Was Benitez doomed from the start at Chelsea?
Rafael Benitez knew exactly what he had signed up for when he walked into Stamford Bridge's Tambling Suite three months ago as Chelsea's new interim manager.
Chelsea's managers are all effectively "interim" - subject to the whims of owner Roman Abramovich - but Benitez had the actual title and all that went with it.
He knew he was interim - Chelsea used the very word in an official statement to announce his appointment - and he knew he was replacing a revered figure in Roberto Di Matteo following his sacking only six months after winning the Champions League. Most of all he knew he was a hugely unpopular appointment with many of the club's supporters.
Benitez also knew he was occupying the manager's office while Abramovich planned, in vain as it transpired, to replace him with Pep Guardiola.
He said and did all the right things. The fans were "clever". The job was "perfect". Working for the ruthless Abramovich would be "easy".
Those optimistic words did little to disguise the unspoken sub-plot to Benitez's arrival at Chelsea. This had all the hallmarks of a footballing marriage made in hell.
This was a manager who loves total control working for an owner who would never give it to him, in a temporary tenure overseen by a discontented fanbase who grew to dislike Benitez during his time at Liverpool. These feelings grew during two Champions League semi-final victories and an FA Cup semi-final win against someone who was beloved at Stamford Bridge but who became his bitter adversary, Jose Mourinho.
Less than 100 days later, some things remain the same but so much has changed. And it all came pouring out of a frustrated Benitez after the FA Cup fifth-round win at Middlesbrough on Wednesday.
If Benitez was not a lame duck at Chelsea before travelling up to the Riverside Stadium, he is now. Slowly but surely the unique demands of managing a club that almost thrives on chaos, as well as dealing with a group of disaffected fans who would chant abuse given any encouragement, wore him down.
He was also Abramovich's human shield. Disliked anyway, he was always going to be the lightning conductor for those supporters upset by Di Matteo's sacking because the Russian is rarely a target for any criticism. This is because a deal has been made.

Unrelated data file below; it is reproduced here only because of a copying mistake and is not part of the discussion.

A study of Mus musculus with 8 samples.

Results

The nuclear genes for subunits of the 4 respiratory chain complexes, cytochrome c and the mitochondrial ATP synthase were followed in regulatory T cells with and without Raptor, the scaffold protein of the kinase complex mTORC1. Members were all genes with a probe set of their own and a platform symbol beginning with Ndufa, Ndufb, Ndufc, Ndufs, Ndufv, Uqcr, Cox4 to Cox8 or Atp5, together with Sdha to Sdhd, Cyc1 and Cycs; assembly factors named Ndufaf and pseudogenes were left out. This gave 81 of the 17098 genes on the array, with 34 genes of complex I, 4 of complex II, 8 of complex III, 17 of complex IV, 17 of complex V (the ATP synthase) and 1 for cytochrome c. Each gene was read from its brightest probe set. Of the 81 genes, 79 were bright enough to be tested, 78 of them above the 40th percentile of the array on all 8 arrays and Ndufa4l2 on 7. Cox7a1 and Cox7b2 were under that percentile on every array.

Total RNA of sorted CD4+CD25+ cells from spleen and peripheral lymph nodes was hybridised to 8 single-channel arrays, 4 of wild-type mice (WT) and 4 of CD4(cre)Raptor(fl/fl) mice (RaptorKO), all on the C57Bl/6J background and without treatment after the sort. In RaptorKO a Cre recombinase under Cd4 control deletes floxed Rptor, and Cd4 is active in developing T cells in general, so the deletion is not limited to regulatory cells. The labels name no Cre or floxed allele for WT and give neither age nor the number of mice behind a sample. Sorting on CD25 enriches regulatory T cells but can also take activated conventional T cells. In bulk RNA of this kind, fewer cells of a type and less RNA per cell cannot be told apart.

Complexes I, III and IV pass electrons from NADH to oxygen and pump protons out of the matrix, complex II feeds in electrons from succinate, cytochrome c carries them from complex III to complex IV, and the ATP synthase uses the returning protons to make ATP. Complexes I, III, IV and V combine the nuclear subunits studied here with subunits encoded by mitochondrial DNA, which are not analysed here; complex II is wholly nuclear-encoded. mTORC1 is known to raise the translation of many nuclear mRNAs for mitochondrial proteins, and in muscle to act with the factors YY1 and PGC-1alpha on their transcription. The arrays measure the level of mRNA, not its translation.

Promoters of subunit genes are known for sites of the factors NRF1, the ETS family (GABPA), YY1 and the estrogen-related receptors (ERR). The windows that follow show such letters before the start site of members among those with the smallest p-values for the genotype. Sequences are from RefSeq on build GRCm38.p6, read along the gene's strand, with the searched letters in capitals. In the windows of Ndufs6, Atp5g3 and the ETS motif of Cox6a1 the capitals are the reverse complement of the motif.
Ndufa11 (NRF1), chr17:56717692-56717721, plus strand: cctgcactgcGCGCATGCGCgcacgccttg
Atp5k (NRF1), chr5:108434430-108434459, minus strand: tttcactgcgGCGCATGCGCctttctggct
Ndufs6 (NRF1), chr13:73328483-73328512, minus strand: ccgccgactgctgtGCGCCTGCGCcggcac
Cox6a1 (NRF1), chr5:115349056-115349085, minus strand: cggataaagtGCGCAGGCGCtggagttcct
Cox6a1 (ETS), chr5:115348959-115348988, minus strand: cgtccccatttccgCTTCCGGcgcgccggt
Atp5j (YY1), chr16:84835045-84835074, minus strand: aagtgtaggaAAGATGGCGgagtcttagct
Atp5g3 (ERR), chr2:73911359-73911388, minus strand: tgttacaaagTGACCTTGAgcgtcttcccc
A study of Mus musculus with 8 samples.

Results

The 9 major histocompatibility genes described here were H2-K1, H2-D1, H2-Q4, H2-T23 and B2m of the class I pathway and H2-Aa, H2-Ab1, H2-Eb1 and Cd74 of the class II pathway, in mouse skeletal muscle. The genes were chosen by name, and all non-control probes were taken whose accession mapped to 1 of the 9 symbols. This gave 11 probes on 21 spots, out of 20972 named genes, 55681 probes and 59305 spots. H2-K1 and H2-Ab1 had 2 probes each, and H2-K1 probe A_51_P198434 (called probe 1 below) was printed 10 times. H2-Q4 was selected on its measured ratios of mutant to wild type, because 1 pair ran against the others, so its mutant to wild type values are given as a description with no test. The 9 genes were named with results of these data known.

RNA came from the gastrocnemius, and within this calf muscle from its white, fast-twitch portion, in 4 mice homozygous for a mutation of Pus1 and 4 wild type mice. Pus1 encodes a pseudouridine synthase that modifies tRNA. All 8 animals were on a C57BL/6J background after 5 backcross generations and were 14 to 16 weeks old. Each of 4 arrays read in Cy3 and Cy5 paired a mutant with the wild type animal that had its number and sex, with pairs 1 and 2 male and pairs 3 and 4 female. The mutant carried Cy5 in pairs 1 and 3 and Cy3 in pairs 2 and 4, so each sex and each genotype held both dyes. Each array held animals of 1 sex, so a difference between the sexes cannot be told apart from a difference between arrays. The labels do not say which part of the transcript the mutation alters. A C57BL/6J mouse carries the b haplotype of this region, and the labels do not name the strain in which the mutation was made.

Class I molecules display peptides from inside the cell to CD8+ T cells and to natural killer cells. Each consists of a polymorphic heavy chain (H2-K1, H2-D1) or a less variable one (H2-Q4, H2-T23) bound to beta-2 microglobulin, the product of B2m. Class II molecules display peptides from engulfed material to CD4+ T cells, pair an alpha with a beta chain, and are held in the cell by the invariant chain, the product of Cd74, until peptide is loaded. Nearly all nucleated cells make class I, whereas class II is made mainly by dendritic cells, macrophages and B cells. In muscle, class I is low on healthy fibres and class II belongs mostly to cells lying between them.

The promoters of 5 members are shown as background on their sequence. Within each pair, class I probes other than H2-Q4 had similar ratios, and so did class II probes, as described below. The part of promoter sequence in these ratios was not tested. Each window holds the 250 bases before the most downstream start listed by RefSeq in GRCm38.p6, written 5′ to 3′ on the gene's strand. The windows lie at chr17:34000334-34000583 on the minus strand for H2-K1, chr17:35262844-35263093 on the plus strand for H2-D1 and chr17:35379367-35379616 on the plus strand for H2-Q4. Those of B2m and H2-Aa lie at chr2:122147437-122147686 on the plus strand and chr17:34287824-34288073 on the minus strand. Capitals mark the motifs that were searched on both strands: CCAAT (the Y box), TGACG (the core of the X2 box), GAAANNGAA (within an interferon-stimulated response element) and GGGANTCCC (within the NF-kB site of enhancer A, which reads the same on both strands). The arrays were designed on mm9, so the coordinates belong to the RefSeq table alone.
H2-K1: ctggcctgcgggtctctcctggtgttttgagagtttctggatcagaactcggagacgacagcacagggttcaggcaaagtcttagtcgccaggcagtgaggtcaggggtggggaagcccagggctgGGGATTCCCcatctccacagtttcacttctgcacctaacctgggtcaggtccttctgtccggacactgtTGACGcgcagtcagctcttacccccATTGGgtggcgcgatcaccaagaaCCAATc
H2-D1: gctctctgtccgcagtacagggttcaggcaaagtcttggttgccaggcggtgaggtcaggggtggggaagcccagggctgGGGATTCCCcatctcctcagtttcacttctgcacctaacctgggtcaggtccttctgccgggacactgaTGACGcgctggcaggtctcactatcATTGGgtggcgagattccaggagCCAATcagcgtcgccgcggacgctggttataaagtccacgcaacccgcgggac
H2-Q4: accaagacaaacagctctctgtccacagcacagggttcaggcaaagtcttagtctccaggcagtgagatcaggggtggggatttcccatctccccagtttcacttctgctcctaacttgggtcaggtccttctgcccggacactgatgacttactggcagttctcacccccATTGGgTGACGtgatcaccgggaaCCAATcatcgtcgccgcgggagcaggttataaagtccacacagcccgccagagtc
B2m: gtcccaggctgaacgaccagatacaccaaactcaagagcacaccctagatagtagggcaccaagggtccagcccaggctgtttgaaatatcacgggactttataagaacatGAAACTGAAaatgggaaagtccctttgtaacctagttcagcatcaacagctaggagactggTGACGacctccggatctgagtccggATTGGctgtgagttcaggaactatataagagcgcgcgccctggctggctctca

Abramovich provides the millions to win the trophies, as he has done very successfully, and Chelsea's fans must accept how he runs the club, whether they like it or not. Benitez is not subject to such an unwritten contract.
If he is still at Stamford Bridge when West Bromwich Albion arrive on Saturday, as now seems likely, it is a safe bet he will not be feeling a sudden groundswell of goodwill from those in The Shed or Matthew Harding Stands.
The so-called "rant" contained some salient points, particularly when he suggested the malign atmosphere created by supporters could have an impact on team performances to the extent that Chelsea may not even finish in the top four, but surely little else would have surprised him.
Benitez walked to the technical area to face Manchester City on 25 November and was swiftly acquainted with how he was regarded. Jeers rang around and have continued ever since - although the Spaniard has always insisted he was so focused on events on the pitch it has never bothered him.
He has heard them now and it was clearly one of a number of factors that provoked that incendiary reaction at Middlesbrough.
Benitez's complaint about the title of "interim" manager is a red herring. He knew that was his title, so he can have no comeback now. If it is "a massive mistake" now, then it was "a massive mistake" when it was handed to him and he seemed happy enough in November.
But as well as mixed results - damaging home defeats in the Premier League to QPR and in the Capital One Cup semi-final to Swansea City did much to cement disaffection at a time when he may just have changed a few minds - Benitez has had to deal with the daily facts of life at Chelsea.
Frank Lampard's contract situation, or lack of one, rumbled on in the background with Benitez powerless to resolve it and recently there was talk of a rift with members of his squad unhappy with his methods.
Of course this is par for the course at Chelsea. Plenty of his predecessors have had to deal with stories questioning their management skills when results have gone awry - history tells us their players are rarely ready to take the blame for any poor results.
Perhaps the root of the remarks that have effectively finished Benitez at Chelsea is the fact that a personality who feels he needs to have full power to exert his expertise felt powerless in too many regards. It finally pushed him over the edge.
As and when he goes the wheel will start to spin again. Abramovich's options are somewhat limited but he will pull off quite a coup if he manages to appoint a successor more divisive and unpopular than Benitez among Chelsea's support.